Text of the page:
Drug Trafficking Exacts,
Social, Economic Toll,
World Bank Reports

KINGSTON, Jamaica -- Economists investigating the impact of crime in the developing world are yielding some harsh findings. The social and economic costs are growing and are compounded with each generation, feeding further cycles of violence. And America's closest neighbors have it worst, the World Bank says.

A report to be released by the bank today says Jamaica is emerging as the murder capital of the Americas, while the Caribbean region now ranks as the world's most crime-ridden area, excluding places torn by civil war.

Hijacking, burglary, kidnapping and rape are also on the rise, as a result of the region's role in the global drug trade. According to a voluntary survey cited in the report, 48% of Caribbean adolescent girls surveyed described their own "sexual initiation" as forced.

The economic consequences of the crime surge have been dire for Caribbean nations, which depend on their images as tropical paradises to attract tourists. Jamaica's tourism minister recently warned that the crime level threatens to derail the industry.

Crime has other costs, too. In Jamaica, security costs, totaling as much as 3.7% of annual gross domestic product, are deterring investment. Four of 10 Jamaican business managers say crime prevents their investing as much as they otherwise would. United Nations data released yesterday show direct foreign investment dropping as much as 9% in the islands last year, to $621 million from $682 million in Jamaica, and to $883 million from $940 million in Trinidad and Tobago.

Fear of crime is also driving educated Caribbean natives to leave their home countries. The seven countries with the highest emigration rates for college graduates are in the Caribbean, the bank estimates, with Guyana the world's leader at 89%.

Some graduates do return, and adapt. Before Joanna Banks leaves her Pan Caribbean Financial Services office in Kingston, she calls a security company and orders a car to trail her to her gated community in the hills overlooking the financial district. Her armed guards check inside her home and, radioing an "all clear" to their command post, escort her through the front door. "The only worry I have is on the way to meet the guards' car," says the 22-year-old securities analyst, a University of Pennsylvania graduate. "The new trick is someone slashes your tires while you're at work. Then they pounce when you stop to change them."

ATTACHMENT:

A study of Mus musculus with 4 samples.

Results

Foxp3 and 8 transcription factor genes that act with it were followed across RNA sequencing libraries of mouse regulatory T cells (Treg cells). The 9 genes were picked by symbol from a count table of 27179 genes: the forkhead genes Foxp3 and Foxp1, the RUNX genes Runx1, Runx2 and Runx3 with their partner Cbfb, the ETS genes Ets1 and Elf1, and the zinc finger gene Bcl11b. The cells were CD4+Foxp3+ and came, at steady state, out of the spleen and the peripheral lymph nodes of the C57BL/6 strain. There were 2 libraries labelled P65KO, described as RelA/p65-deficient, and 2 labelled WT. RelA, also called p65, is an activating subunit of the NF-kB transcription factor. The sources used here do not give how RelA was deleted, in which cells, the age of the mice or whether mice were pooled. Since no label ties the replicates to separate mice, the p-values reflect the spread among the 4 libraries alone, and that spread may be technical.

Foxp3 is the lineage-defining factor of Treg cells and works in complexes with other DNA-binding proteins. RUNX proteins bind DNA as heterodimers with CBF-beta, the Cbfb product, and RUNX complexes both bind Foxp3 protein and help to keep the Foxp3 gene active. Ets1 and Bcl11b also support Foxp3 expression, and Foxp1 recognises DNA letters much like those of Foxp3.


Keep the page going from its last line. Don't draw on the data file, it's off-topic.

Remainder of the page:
The World Bank lays blame for the rise in crime on rampant narcotics trafficking through sea lanes connecting the U.S. to Latin America. An influx of firearms is adding to the problem. "Wedged between the world's source of cocaine to the south and its primary consumer market to the north, the Caribbean is the transit point for a torrent of narcotics, with a street value that exceeds the value of the entire legal economy," the study concludes.

At 30 murders a year per 100,000 residents, the Caribbean tops the murder rate in Colombia and South Africa, which had the highest rates of homicide during the 1980s and 1990s. Jamaica and Haiti lead the region, with more than 33 murders per 100,000 citizens annually, but other places are quickly deteriorating. Trinidad and Tobago doubled its rate of murder in three years to 7.5 murders per 100,000 residents in 2005. The murder rate in the U.S. was 5.9 per 100,000 in 2004.

According to researchers, about 10 tons of cocaine transited Jamaica in 2005, the most recent year for which data are available. At least twice that volume passed through Haiti and the Dominican Republic. Local law enforcement has been overwhelmed, spending scarce resources on patrolling rural areas and coastlines for traffickers. Narcotics wealth, the report says, is "undermining and corrupting societal institutions."

The growing lawlessness is frightening many Jamaican expatriates from returning home to work or retire. Some 40,000 Jamaicans returned from Great Britain in the 1990s, but that reverse migration has almost stopped, with many retirees choosing to settle in the U.S. if they can obtain visas. "Fort Lauderdale, Miami and places like that have captured a lot of our people who would have settled here," says Percival La Touche, president of the Association for the Resettlement of Returning Residents in Kingston.

Many, he says, become demoralized not only by the poverty they encounter, but also by the inability of law-enforcement agencies to protect elderly Jamaicans.

Write to Joel Millman at joel.millman@wsj.com

Copyright 2007 Dow Jones & Company, Inc. Reprinted from The Wall Street Journal, Page A9, of Friday, May 4, 2007.